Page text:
Eager sky watchers are turning to the heavens as Comet NEOWISE, one of the brightest comets in a generation, starts climbing ever higher among the evening stars.

A majority of comets fly through the solar system invisible to humans, usually too small and dim to be seen with the naked eye. The last frozen ice ball that gave us a big show was Hale-Bopp, a comet that was visible for nearly 18 months around its closest approach to Earth in 1997.

Officially designated C/2020 F3, Comet NEOWISE was discovered on March 27 and had until this week been visible only to committed comet viewers willing to wake up in the early pre-dawn hours. But on Monday, NEOWISE tipped into the post-sunset sky and has even been spotted by people living near city centers with all the light pollution.

“It’s the first time in 23 years that this is possible,” said Federica Spoto, an astronomer at the Harvard & Smithsonian Center for Astrophysics. “You can watch it from your backyard and you don’t need a telescope.”

To catch NEOWISE yourself, look up at the northwest skies about an hour and a half after sunset. Experts suggest going to the darkest area you can for best viewing. Find the Big Dipper and follow its ladle as it arcs in the direction of the horizon.

NEOWISE will appear under the Big Dipper about 10 degrees above the horizon and be about as bright as that constellation’s stars. If you hold out your arm, 10 degrees is roughly the part of the sky covered by your fist. Over the next few days, NEOWISE will move higher in the sky and be easier to spot, reaching its apex on July 23, when it makes its closest approach to Earth.

Good binoculars will allow you to see more of the comet and its spectacular dust tail. Lucky viewers might even catch the fainter blue ion tail, made from charged particles flying off the comet’s icy nucleus. NEOWISE is visible only to observers in the Northern Hemisphere and should remain bright enough to spot into mid-August.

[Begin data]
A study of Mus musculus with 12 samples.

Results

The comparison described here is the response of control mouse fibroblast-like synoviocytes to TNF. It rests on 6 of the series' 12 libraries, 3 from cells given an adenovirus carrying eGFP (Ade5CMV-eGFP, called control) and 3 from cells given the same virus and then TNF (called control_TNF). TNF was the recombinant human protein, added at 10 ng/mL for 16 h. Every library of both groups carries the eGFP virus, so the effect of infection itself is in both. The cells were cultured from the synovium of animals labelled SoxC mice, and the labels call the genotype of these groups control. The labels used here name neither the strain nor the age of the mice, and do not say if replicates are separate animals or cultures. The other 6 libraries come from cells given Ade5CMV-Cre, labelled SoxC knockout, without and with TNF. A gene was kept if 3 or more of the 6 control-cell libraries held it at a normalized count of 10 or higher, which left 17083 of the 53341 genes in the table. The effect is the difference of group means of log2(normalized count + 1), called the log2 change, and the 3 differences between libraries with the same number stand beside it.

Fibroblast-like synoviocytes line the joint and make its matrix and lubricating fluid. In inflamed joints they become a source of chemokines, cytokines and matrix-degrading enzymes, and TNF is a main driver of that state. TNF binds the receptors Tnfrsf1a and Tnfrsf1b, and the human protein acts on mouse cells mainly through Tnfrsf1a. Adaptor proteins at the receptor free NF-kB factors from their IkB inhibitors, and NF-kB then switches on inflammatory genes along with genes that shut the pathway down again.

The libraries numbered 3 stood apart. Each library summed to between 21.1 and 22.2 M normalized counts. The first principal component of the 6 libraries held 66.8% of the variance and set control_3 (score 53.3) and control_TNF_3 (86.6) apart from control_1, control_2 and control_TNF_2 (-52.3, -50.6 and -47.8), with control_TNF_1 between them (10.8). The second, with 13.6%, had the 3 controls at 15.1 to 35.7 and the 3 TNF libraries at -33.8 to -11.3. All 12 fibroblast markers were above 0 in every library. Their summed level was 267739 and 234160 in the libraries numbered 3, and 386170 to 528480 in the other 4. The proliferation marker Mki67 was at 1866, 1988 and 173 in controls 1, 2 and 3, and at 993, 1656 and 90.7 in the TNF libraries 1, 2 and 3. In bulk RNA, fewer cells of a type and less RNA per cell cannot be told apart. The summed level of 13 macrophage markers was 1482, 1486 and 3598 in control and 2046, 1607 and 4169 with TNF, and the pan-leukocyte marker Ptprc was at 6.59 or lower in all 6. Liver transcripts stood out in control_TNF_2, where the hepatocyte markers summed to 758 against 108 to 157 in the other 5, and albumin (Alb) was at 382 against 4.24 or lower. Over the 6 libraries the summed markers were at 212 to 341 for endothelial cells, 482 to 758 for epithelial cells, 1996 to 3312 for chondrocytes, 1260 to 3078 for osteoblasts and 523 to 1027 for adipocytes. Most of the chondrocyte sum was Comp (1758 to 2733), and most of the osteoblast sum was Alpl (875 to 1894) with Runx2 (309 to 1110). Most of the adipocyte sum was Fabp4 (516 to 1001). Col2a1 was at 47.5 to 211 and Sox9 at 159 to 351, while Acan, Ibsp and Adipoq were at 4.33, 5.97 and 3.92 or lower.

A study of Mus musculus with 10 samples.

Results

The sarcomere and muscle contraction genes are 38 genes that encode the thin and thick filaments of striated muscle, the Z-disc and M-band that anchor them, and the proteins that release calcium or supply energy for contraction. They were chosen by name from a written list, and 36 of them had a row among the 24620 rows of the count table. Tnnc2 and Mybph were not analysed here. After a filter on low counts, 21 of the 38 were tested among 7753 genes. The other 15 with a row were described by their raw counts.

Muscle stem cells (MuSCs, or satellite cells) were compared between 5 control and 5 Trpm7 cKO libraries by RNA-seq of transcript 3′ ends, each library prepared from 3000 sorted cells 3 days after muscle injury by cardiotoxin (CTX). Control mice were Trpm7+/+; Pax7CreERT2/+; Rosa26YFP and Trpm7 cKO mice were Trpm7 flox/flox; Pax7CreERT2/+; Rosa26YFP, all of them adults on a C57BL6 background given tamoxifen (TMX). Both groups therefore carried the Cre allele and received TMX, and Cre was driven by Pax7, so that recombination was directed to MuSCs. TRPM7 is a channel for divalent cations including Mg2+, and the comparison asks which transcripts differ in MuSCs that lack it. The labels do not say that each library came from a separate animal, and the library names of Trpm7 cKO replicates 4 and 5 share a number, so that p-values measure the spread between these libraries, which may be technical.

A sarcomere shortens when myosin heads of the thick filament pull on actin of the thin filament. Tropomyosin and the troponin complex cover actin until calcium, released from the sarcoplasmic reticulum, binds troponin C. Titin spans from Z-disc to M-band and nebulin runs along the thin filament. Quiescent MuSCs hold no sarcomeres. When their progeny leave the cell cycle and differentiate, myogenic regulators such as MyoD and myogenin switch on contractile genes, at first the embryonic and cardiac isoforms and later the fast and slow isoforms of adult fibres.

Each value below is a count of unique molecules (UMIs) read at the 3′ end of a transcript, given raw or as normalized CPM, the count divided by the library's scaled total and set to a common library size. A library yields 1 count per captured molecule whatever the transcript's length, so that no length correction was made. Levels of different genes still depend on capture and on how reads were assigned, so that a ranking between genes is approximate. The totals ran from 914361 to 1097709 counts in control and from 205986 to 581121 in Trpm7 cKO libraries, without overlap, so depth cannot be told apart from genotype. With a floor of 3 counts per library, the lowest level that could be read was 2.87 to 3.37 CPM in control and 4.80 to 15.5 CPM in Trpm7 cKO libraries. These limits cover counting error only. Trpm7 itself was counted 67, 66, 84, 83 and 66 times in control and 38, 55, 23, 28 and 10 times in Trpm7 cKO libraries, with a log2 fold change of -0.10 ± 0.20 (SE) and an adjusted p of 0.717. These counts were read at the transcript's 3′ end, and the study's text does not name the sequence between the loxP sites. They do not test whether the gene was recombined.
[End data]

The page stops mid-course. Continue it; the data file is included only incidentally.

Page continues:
For those looking to capture a souvenir of their experience, a digital camera placed on a tripod and set to a five- or 10-second exposure could do the trick, said Ernesto Guido, an amateur astronomer in Italy. Many cellphones allow users to change the settings on their cameras and achieve surprisingly good results. Try framing NEOWISE against a nice background such as a tree, Mr. Guido suggested.

Comet NEOWISE gets its name from NASA’s Near-Earth Object Wide-field Infrared Survey Explorer (NEOWISE), a space-based infrared telescope dedicated to looking out for potentially hazardous asteroids and comets. Researchers who manage the observatory spotted the comet in March when it was headed in the direction of the sun.

Comet NEOWISE made its closest approach to our star on July 3, coming within the orbit of Mercury.

“A smaller or weaker comet would have crumbled under the pressure,” said Amy Mainzer, principal investigator of the NEOWISE mission.

That’s exactly what happened earlier this year to Comet SWAN, which was just barely visible to naked-eye viewers in the Southern Hemisphere, before fizzling as it rounded the sun. Another comet, ATLAS, disintegrated into more than two dozen pieces in April.

NEOWISE comes to us from the distant outer reaches of the solar system, having spent most of its life in a frigid field of icy bodies called the Oort cloud. When far from the sun, comets are inert and lack their beautiful dust tails, which can be 10 million miles long. The sun’s heat causes them to expel gas and dust, forming an atmospheric shell called a coma and then the pressure of solar radiation extends this structure out into a long tail.

Comets like NEOWISE are leftovers from our solar system’s creation. Since they retain the building blocks of planets in their frozen ice, they can provide scientists with important information about our origins. Dr. Mainzer likened its approach to a mission that collects samples and returns them to Earth, except “the sample comes to us.”

NEOWISE won’t make it back to the inner solar system for 6,800 years. So enjoy it while you can.

“Things are really tough right now for lots of people,” Dr. Mainzer said. “But this is a chance to look up and reconnect with the big picture stuff.”